RETAILERS who are using a multi-tier pricing system for different payment systems are violating the Bank Use Promotion Act and risk the full wrath of the law, a senior Reserve Bank official has said.
RBZ deputy governor Dr Kupukile Mlambo told breakfast meeting held in Harare yesterday to discuss the implications and effect of the bond notes on the economy that multi-tier pricing was unlawful.
He said the practice, which has become rampant following an increase in the amount of bond notes in circulation amid growing shortage of US dollar notes, had spawned three pricing models for US dollar notes, bond notes and use of electronic platforms.
The illegal practice by some of the retailers comes against the backdrop of acute shortage of the US dollar notes, the most dominant transaction currency in the country’s multi-currency system.
Zimbabwe uses a basket of foreign currencies after it scrapped its inflation ravaged domestic currency in 2009 following a decade of economic instability, which decimated 50 percent of the economy.
Under a US dollar dominated multi-currency system, inflation hit record lows, dropping well below zero and continuing like for 29 months before creeping out the negative territory only last February.
“I am aware of (illegal) activities that are happening. Some of the retailers have a three-tier pricing system; for bond notes, swiping and US dollar. I want to be very clear about this, (it) is illegal.
“We have not taken any action on anybody, but we have the Bank Use Promotion Act that we can invoke. I really want to encourage retailers doing so to relook into that. The last thing we want is to start arresting people. We want a friendly (environment) because this is a contested environment,” he said.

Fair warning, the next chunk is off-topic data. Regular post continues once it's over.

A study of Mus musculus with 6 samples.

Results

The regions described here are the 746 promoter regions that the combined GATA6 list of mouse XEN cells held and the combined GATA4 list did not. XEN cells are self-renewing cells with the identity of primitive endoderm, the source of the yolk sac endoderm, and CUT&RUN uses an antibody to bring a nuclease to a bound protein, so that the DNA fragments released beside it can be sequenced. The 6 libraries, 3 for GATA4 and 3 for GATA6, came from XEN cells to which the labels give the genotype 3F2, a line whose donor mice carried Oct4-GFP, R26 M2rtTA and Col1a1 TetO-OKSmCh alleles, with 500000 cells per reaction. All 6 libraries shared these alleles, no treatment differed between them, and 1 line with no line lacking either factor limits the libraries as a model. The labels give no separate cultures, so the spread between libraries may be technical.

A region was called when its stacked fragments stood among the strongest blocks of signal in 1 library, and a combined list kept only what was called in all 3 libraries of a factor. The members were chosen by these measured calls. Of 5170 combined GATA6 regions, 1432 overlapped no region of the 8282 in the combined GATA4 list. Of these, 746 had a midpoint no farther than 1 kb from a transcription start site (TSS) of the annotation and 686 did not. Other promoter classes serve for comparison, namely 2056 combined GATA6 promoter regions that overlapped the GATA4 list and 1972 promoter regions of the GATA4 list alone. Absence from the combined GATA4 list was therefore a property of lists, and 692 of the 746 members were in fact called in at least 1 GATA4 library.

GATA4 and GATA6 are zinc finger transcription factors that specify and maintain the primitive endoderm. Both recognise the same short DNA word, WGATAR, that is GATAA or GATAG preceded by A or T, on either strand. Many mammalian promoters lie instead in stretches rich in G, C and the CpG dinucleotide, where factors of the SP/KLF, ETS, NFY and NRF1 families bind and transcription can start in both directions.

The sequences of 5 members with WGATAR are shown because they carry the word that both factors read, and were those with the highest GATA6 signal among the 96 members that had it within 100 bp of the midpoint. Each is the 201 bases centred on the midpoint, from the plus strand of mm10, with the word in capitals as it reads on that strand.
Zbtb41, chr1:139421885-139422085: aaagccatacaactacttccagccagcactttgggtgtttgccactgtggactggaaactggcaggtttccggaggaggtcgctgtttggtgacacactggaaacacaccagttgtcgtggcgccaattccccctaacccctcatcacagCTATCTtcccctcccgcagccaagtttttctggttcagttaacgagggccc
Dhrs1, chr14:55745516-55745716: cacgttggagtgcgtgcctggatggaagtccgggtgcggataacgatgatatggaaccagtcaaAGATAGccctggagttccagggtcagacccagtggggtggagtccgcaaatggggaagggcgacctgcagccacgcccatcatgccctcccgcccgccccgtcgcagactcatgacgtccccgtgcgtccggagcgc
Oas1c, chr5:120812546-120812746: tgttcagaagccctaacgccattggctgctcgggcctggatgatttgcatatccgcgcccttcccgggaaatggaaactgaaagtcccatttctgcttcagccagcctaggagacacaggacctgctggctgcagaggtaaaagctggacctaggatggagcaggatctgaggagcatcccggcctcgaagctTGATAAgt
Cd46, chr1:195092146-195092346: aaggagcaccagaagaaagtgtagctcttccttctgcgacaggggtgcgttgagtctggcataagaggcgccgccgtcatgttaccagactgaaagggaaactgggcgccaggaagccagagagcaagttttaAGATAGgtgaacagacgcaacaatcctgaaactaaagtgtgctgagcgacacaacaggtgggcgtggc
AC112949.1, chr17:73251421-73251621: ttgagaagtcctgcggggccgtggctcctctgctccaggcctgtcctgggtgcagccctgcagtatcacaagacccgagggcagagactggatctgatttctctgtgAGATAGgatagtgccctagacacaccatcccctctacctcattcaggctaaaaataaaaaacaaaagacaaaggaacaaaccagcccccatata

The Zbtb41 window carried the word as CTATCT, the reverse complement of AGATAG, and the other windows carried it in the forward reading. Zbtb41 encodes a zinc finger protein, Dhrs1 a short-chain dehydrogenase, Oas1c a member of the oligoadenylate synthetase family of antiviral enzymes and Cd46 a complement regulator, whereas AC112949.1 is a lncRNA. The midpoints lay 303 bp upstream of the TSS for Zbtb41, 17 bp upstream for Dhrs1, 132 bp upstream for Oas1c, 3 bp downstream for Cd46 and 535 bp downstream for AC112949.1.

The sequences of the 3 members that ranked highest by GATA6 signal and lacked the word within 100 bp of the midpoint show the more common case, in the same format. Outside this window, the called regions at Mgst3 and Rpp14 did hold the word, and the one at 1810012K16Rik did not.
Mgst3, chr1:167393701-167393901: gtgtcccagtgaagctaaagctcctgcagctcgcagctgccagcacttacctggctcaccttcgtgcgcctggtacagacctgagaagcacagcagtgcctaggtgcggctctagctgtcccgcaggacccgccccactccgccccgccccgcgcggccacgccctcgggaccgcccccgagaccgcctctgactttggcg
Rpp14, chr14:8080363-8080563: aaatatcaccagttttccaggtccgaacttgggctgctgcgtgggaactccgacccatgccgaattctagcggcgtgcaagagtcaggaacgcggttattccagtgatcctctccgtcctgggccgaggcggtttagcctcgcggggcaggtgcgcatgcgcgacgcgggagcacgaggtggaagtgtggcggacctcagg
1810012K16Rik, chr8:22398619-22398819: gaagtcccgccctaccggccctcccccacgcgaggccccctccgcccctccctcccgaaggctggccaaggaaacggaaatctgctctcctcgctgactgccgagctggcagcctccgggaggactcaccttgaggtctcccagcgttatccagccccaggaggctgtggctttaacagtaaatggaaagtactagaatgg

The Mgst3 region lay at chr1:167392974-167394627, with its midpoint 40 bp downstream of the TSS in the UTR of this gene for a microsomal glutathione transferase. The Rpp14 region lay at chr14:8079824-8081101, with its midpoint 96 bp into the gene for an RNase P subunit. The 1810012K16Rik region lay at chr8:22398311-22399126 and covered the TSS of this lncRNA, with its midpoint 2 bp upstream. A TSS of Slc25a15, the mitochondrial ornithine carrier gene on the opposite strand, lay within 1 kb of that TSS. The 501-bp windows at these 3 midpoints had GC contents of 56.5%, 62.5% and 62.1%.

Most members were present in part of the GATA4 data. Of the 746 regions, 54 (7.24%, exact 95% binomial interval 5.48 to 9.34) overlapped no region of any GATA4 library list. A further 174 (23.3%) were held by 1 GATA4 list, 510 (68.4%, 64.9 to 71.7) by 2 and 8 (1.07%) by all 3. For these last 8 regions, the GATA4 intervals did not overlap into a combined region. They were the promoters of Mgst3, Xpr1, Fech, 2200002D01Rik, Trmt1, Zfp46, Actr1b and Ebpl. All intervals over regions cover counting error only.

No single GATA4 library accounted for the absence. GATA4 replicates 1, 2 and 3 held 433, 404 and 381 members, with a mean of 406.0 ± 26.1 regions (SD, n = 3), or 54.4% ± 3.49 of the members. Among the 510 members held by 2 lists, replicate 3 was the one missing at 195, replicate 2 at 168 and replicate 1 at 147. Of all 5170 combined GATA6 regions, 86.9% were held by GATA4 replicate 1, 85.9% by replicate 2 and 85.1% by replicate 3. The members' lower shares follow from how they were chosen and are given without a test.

“If we start arresting people, (investors) will say we cannot do business in Zimbabwe, because they are arresting (business) people, yet we cannot watch while the public is cheated. I want to encourage all to avoid this three-tier pricing system. Let us follow the law because that is also counter-productive.”
In fact, retailers have increased prices of goods and services following introduction of the bond notes last year, as part of measures to incentivise exporters and improving liquidity in the economy. This has started reflecting through increase in inflation rate.
Dr Mlambo said while businesses in Zimbabwe should look for alternative ways to find their way past the myriad of challenges facing the economy that should be done within the confines of the law.
While the central bank has recorded tremendous success in making bond notes, backed by a $200 million facility from Afreximbank, a medium of exchange ranking one for one with the greenback, its value has been partly discounted on the parallel market.
Many unscrupulous retailers peg higher prices for other media of exchange such as bond notes, mobile money and electronic systems despite the fact that cash now makes a fraction of total transactions.
The domestic economy continues to battle the downside of the predominant use of the US dollar, which briefly brought back stability in the economy, but has weighed down prospects for growth due to its shortage and impact on competitiveness of industry.
Out of a total of $6,6 billion bank deposits, cash in circulation at just about $202 million, makes up less than 5 percent of the total bank deposits in the economy. The ratio of cash to bank deposits was 35 percent in 2009.
Dr Mlambo said that while bond notes have been a huge success, they were not the panacea to the country’s liquidity and cash crisis, which demands significant growth in foreign exchange inflows.